The compression algorithm is best understood if you "visualize" a bar chart or a histogram, where new symbol frequencies are always trying to become greater than the current highest frequency, which we increment by its delta with the new symbol's frequency. The new highest frequency becomes the new symbol's frequency; or put simply, the new symbol must have the highest frequency. So at most, the new highest frequency can only "double" or add by 1 bit in length. (In decoding, the symbol with the highest frequency is the symbol to decode; this means it is stack based. We add the delta to the highest frequency during encoding so we can preserve or get back to the previous frequency of the symbol when decoding.) Output is actually the frequency table, which is easy to compress or generate?

Algorithm pseudo-code:

Code:

/* initialize frequency table. */
for (i=0; i < 256; i++) freq[i] = i + 1;
max = freq[255];
do {
c = get_byte(infile);
if (c == EOF) break;
freq[c] = max + (max - freq[c]);
max = freq[c];
} while (1);

No "runs" of a single character allowed in the input, as much as possible. "Random data" indeed.

New or recalled observations:

1. This algorithm ironically "expands" the frequencies at first. ? LOL

We're back to the early days of information theory or data compression history!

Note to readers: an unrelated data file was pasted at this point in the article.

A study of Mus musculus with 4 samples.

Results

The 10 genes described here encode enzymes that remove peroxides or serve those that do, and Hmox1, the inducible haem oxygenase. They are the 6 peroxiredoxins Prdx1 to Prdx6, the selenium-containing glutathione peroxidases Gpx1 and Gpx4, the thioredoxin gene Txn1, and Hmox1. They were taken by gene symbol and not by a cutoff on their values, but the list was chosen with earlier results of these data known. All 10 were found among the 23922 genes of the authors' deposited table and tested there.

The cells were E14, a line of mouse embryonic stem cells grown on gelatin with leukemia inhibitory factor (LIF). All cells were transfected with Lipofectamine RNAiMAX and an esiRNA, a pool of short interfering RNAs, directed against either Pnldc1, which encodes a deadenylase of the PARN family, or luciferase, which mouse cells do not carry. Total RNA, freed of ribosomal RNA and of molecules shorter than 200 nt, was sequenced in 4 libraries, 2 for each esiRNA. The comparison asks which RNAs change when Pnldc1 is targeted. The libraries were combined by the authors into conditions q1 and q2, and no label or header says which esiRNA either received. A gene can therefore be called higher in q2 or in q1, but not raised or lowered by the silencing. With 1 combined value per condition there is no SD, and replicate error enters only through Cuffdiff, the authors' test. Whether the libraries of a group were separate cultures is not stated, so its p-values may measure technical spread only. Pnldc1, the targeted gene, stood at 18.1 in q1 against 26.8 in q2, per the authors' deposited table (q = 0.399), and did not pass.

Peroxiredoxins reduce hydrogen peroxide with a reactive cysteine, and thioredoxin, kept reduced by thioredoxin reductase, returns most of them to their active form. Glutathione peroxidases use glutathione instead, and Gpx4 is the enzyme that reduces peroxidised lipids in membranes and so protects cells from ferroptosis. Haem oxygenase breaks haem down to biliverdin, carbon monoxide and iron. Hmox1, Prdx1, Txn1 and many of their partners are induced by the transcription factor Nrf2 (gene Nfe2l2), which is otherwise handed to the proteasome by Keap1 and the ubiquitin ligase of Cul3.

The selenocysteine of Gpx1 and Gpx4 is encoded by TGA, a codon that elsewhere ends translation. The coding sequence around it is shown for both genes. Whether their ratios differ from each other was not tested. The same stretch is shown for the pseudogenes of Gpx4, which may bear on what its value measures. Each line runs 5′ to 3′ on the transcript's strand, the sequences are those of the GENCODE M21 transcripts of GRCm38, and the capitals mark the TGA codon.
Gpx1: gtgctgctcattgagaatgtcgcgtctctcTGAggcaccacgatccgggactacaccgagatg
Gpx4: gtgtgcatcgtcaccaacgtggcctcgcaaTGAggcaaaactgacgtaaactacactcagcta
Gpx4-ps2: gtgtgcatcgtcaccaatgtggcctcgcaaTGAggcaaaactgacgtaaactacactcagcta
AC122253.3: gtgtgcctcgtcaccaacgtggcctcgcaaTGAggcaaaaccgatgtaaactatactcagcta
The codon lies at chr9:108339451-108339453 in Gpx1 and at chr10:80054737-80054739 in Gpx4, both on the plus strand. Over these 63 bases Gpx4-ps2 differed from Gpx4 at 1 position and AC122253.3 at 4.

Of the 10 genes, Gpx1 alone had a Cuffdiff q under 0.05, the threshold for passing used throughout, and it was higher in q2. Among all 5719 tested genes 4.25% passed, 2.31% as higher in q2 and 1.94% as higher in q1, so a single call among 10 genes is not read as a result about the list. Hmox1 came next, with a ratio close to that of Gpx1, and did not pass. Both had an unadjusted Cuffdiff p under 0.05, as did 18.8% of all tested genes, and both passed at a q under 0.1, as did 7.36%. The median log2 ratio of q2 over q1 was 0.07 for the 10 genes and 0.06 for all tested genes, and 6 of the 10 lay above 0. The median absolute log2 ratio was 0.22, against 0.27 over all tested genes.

2. The bombshell: It takes more than 1 bit added to encode for very small frequencies which suddenly must be maximum. The solution might be to "swap" them but this requires new information or codes. This is back to delta coding. haist

3. But a total cycling of the frequency table might work...

4. Instead of 8-bit bytes, use 4-bit symbols;

***

This is similar, i think, to WEB Technologies' algorithm as featured in BYTE magazine in 1992 and noted by comp.compression FAQ:

"WEB, in fact, says that virtually any amount of data can be

squeezed to under 1024 bytes by using DataFiles/16 to compress

its own output multiple times."

I think they were using or playing with a frequency table too, 256 32-bit frequencies = 1K.

They might had to output the MSbit of the highest frequency, the result of which may equal another byte frequency/ies?

That's why they had the problem that 4 numbers in a matrix are equal, a rare case in their algorithm.

Just maybe.

(Ideally, at most 1 bit increase in frequency of output or new symbol, but the bombshell precludes that. If they are of the same bitsize, then only 1 bit increase in the new max frequency.

The current symbol has always the highest frequency.

You decode backwards, from last symbol to first; the symbol with the highest frequency is the current symbol.

One parameter in decoding is the famed file_size().

)

The problem with the algorithm is that the emitted frequency table could be very large due to very large frequencies if you implement it by really using BigNums or BigInts;

You then have to compress the very large frequency table.

Maybe to achieve compression, you can just consider the MSBit after the arithmetic (addition) operation.

Or the solution is nearly just MTF (you have to output the character that *doubled* (MSBit activated)).

WEB Technologies' Datafiles/16 algorithm is clearly designed for compression of *random* data, and recursive, which are futile indeed.